Thursday, November 18, 2010

Working on a Car Emergency Kit

I've been looking at several lists for what to include in a car emergency kit to ensure I've got my bases covered. Some lists include items that make absolutely no sense to me.

For example, a couple of lists include a gallon of window washer fluid on the basis that winter driving uses more. However, I'm thinking why don't they check the reservoir once a month or every weekend or every few days depending on how much is used and keep the fluid at home instead of waiting until they run out to refill and taking up valuable trunk space that would be better used for a gallon of drinking water for a car survival kit?

Then, three lists have recommendations for oil: a pint, a quart, two quarts. What's going on with vehicles that they're saying to carry oil? None of the lists explain. And a PINT??? What's with that? The add mark on a car's dipstick means you're a quart low. Also, I've only seen oil sold by the quart except for motorcycles. Yes, the author is American.

On the other hand, one list recommends spare headlight bulbs because "several European countries require them." Another recommended spare headlight bulbs and the tools to make the change. I think spare bulbs are a good idea for those who drive long distances at night as I've done at times, as long as the entire headlamp doesn't have to be replaced and realigned. According to my owner's guide, mine needs only a bulb. I still need to look at the car to see how easy it would be for me to do myself and what tools it would take because I've never done it before.

Spare fuses are another good idea and are very easy to replace. I had to install a heavy-duty fuse on my last car for the taillights to work when I was pulling a trailer with a small sailboat that I used to have and was surprised at how simple it was. I didn't even get my hands dirty. When I checked my owner's manual for this car, I learned that I already have three spare fuses. Unfortunately, I'm puzzled by one being 5 amp and there's no 5 amp fuse being used that it could replace. Very odd. Anyway, I'm planning to buy three other fuses so I have a complete set.

Another list recommended a plastic bag for storing the funnel all the lists recommend after it's used. I think that's a good idea and will get a zip bag for the gas siphon, too, or maybe store both together in one bag.

Another item is water. One list specified enough drinking water for the occupants for a 24-hour period and the radiator while others simply listed "water." I used to get a gallon jug for the car only when I was going to drive across a desert. Starting in 2006, that changed to 2-3 gallons at all times because a lot of tap water doesn't taste good to me anymore. Now that I do road trips with a Space Saver Brita pitcher, I don't need bottled water for normal drinking but will probably keep a gallon or two anyway for my car survival kit.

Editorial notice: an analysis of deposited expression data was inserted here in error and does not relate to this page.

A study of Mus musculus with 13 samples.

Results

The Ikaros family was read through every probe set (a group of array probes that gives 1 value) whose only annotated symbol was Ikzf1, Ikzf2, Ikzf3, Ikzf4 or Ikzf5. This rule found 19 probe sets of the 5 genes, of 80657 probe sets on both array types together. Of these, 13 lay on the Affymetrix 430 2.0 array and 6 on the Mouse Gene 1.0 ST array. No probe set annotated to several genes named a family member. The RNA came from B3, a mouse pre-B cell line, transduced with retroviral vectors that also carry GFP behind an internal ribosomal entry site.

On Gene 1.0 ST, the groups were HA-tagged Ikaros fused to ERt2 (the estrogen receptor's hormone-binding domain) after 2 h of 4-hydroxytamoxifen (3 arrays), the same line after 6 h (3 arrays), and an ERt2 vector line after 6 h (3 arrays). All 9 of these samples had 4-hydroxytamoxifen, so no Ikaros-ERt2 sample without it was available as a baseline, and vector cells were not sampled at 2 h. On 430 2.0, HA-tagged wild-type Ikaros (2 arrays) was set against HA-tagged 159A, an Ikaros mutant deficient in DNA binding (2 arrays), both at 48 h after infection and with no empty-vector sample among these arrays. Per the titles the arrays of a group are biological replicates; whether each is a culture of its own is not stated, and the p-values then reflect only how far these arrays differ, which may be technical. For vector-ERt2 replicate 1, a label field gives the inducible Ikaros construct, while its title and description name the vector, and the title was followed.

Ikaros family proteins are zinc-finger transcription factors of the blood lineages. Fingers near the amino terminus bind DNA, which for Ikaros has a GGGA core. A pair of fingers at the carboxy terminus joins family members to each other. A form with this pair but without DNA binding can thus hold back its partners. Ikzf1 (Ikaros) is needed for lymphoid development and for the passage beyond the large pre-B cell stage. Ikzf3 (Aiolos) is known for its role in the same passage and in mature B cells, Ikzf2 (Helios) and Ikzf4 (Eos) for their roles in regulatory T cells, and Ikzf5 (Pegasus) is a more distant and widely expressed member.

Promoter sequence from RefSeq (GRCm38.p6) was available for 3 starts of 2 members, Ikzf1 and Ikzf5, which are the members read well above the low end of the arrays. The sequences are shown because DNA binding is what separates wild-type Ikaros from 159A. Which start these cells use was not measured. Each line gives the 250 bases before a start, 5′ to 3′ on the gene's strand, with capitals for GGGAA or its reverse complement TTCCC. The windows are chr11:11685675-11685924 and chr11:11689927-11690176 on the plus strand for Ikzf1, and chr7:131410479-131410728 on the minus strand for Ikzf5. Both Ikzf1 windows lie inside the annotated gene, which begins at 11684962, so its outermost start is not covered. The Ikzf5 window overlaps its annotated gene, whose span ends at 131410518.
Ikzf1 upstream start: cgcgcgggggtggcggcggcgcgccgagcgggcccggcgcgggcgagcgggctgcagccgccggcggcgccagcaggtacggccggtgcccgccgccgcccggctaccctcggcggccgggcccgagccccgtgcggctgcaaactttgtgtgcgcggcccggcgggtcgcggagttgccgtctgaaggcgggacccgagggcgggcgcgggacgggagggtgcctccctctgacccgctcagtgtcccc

Other items I'm not sure about are things like plastic cable/zip ties, clamps, tape to seal hose leaks, light sticks, and a bag of sand or cat litter.

Lacking explanations for the zip ties, I think they'd melt from the heat of the engine.

Then, I always take my car in before a road trip to have an oil & filter change and to have the belts, hoses, and clamps checked. Plus, I have my AAA membership.

As for the light sticks, along with the car's hazard lights, I already have a Mini Maglite LED flashlight, flares, and the UCO candle lantern that's part of my cool weather hiking pack that doubles as part of my car survival kit. However, since light sticks aren't battery-operated, aren't fire hazards, don't cost much, and are small enough that the room they'll take up is negligible, I'm more likely to keep a couple on hand for my car emergency and car survival kits than get the other things I'm not sure about.

Finally, I used to carry a bag of cat litter, but when it didn't work and I ended up using a malfunctioning telephone answering machine to get traction, I quit carrying it. After that, it was the tow rope and helpful strangers with their vehicles that got me out of stuck spots. Once, my wheels spun in mud when I parked off the side of a road to watch a bicycle race in another town and once it was in sand down on Padre Island. Both times, others did the same thing but didn't get stuck. Only me. Huh.